The Challenging #SCOTUS Argument of Voting Rights Advocates on Last-Minute Election Changes

If, as expected, challengers to WI voter id law go to the Supreme Court seeking to stop the immediate use of Wisconsin’s new voting law for the election coming up in a few weeks, I expect their main argument to be not about the merits of the voting rights challenge but instead about the danger of changing election rules midstream. But that argument may come back to bite the challengers in the North Carolina and Texas cases should it come to that.

As I explained, in In Purcell v. Gonzalez, a 2006 case, the Supreme Court said:

Faced with an application to enjoin operation of voter identification procedures just weeks before an election, the Court of Appeals was required to weigh, in addition to the harms attendant upon issuance or nonissuance of an injunction, considerations specific to election cases and its own institutional procedures. Court orders affecting elections, especially conflicting orders, can themselves result in voter confusion and consequent incentive to remain away from the polls. As an election draws closer, that risk will increase.

For reasons I’ve flagged here, implementing voter id in Wisconsin at the last minute is likely to cause electoral chaos—a point which should be compelling  regardless of where you stand on the actual merits of WI implementing its voter id law in an organized way.

But that same principle about not changing election rules close to the election hurts those who support today’s 4th Circuit ruling, a ruling which puts some of North Carolina’s voting rules on hold just weeks before the election. This was the key argument of the dissenting (Democratic-appointed) judge in the case. And then there’s this statement from a key North Carolina election official : “We are concerned that changes so close to the election may contribute to voter confusion,” said N.C. State Board of Elections Executive Director Kim Westbrook Strach. “More than 4 million voter guides have gone to the public with information contrary to today’s decision.”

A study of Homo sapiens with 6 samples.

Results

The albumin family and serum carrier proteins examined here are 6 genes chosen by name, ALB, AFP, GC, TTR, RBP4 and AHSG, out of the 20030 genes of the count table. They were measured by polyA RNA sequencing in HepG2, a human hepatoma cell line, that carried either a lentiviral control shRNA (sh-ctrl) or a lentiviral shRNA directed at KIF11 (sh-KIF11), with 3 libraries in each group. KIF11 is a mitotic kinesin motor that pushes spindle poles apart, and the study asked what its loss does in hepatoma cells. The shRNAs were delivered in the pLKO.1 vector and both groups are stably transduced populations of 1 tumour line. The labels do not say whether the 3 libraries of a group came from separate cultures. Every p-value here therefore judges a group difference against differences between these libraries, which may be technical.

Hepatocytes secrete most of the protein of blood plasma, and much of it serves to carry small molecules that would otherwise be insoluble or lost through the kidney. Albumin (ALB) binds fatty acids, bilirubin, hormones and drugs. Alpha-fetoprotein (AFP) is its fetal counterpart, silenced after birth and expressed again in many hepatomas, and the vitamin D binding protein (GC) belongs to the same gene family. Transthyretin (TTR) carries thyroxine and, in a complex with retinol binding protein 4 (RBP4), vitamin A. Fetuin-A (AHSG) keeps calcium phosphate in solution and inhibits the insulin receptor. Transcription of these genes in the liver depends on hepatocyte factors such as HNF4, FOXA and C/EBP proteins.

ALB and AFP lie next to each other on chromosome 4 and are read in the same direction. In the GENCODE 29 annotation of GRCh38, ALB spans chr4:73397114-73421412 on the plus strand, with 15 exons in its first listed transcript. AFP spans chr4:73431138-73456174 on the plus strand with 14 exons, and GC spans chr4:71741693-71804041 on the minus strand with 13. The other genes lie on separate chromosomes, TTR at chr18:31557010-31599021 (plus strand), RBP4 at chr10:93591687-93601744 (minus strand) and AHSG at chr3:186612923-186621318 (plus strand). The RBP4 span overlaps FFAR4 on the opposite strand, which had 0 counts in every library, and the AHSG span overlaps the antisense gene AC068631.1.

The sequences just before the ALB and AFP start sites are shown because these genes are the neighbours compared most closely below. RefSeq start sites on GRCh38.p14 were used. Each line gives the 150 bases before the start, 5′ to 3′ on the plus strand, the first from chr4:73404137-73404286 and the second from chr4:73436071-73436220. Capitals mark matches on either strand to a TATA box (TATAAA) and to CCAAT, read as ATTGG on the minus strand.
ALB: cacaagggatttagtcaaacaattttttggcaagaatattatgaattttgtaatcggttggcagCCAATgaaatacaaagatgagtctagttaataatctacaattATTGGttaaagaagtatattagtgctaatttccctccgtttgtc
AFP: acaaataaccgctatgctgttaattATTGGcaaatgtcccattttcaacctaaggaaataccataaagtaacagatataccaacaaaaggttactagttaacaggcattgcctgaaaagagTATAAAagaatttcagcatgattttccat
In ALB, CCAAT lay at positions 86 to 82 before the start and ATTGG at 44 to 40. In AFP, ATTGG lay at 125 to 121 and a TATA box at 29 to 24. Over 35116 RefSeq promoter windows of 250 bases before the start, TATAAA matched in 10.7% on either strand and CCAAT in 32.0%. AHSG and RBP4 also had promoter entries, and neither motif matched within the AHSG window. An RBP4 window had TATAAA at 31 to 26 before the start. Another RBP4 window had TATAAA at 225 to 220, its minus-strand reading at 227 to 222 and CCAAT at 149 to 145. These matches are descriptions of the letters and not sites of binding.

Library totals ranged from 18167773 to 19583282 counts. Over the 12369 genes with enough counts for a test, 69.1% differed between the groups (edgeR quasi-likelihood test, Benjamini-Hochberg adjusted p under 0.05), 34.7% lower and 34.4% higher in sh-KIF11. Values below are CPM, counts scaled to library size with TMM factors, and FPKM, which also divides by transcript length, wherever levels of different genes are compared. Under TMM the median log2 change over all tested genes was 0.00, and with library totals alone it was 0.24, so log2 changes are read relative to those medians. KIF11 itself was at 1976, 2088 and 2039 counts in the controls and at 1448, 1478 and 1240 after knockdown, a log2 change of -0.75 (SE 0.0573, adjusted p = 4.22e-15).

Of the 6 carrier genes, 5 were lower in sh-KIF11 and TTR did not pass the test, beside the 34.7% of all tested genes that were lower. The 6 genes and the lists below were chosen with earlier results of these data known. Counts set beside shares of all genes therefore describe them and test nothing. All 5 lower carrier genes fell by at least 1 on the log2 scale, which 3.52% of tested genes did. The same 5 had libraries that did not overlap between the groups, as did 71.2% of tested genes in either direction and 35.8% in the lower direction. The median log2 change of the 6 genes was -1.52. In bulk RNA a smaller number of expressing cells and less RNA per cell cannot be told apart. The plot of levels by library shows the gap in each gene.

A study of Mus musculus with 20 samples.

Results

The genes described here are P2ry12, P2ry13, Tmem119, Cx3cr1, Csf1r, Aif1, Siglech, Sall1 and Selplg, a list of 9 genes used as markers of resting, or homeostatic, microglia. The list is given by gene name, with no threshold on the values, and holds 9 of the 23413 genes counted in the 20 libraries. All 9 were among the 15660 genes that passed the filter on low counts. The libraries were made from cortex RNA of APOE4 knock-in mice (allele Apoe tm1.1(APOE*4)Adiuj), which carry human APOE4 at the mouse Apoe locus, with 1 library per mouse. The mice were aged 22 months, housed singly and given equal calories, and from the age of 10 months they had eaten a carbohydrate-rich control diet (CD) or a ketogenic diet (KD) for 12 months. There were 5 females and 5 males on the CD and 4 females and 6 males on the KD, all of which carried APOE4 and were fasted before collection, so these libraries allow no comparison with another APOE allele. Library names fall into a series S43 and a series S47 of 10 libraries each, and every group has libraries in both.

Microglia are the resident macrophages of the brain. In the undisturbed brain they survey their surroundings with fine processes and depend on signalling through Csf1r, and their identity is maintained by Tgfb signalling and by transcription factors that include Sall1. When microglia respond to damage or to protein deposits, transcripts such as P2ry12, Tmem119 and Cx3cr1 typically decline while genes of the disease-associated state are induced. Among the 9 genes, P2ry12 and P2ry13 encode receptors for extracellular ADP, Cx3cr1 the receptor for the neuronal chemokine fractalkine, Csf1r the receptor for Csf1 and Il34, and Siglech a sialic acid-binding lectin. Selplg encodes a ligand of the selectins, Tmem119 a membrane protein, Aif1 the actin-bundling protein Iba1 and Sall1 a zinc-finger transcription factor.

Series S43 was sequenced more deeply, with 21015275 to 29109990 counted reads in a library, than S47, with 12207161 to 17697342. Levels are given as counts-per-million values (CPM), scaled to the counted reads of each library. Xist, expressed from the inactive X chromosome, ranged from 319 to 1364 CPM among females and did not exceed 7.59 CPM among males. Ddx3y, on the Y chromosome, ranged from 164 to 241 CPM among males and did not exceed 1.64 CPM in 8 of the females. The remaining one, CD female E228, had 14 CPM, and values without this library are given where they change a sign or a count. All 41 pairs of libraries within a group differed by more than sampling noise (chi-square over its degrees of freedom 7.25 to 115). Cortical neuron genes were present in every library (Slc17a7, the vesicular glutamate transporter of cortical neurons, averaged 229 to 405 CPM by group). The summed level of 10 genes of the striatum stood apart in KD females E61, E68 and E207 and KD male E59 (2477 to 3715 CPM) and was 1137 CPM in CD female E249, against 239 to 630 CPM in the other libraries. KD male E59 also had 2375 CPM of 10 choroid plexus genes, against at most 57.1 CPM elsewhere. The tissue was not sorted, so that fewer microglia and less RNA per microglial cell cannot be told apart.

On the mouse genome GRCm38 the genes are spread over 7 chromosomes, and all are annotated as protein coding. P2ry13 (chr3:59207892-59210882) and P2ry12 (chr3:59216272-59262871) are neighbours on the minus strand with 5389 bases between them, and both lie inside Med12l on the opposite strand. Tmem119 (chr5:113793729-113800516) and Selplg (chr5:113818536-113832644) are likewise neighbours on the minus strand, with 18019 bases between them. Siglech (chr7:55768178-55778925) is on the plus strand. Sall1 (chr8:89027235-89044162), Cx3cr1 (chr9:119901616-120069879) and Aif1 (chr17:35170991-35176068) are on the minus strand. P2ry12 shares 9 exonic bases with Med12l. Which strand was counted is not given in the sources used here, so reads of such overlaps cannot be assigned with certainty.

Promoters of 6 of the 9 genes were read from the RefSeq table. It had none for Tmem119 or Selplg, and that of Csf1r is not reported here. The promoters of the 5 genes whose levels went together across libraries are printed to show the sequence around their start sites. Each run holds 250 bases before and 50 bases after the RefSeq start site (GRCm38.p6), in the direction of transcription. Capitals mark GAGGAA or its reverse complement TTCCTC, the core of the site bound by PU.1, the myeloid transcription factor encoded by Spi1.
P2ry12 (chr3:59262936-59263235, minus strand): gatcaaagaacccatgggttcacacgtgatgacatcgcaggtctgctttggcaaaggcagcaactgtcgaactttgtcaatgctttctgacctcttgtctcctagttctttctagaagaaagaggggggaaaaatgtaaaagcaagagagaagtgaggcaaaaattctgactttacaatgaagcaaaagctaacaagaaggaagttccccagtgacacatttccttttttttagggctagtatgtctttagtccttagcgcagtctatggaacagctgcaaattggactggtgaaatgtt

Further, if, as expected, a federal judge bars Texas’s voter id law for use in this election, this will be a big change. The law was used in the primary, and everyone has been proceeding with the law in effect.

So how to argue that changing the rules midstream is a wrong in Wisconsin, but is okay in NC (and possibly Texas)? Here is one potentially winning argument.

In the Wisconsin case, the new id law threatens to disenfranchise voters. Indeed, there is undisputed evidence in the court below that rolling out  the election changes in the last few weeks will cause actual disenfranchisement. This is not the case in NC (or Texas), where presumably making voting easier does not threaten disenfranchisement. (This is what the 4th Circuit majority referred to as the rules establishing a “safety net.”)  If we value voting rights highly enough, the risk of disenfranchisement should matter the most in applying the Purcell rule.

Further, the potential for voter confusion and keeping voters away from the polls is greater in cases where new rules are implemented haphazardly than when new rules are put on hold and older rules restored.

A counterargument to the claim that disenfranchisement is all that matters is that all changes in election rules can confuse voters, and the new rule change in NC threatens to upset procedures which have been put in place and interfere with the orderly conduct of elections by North Carolina election officials.

It will be interesting to watch how these arguments develop.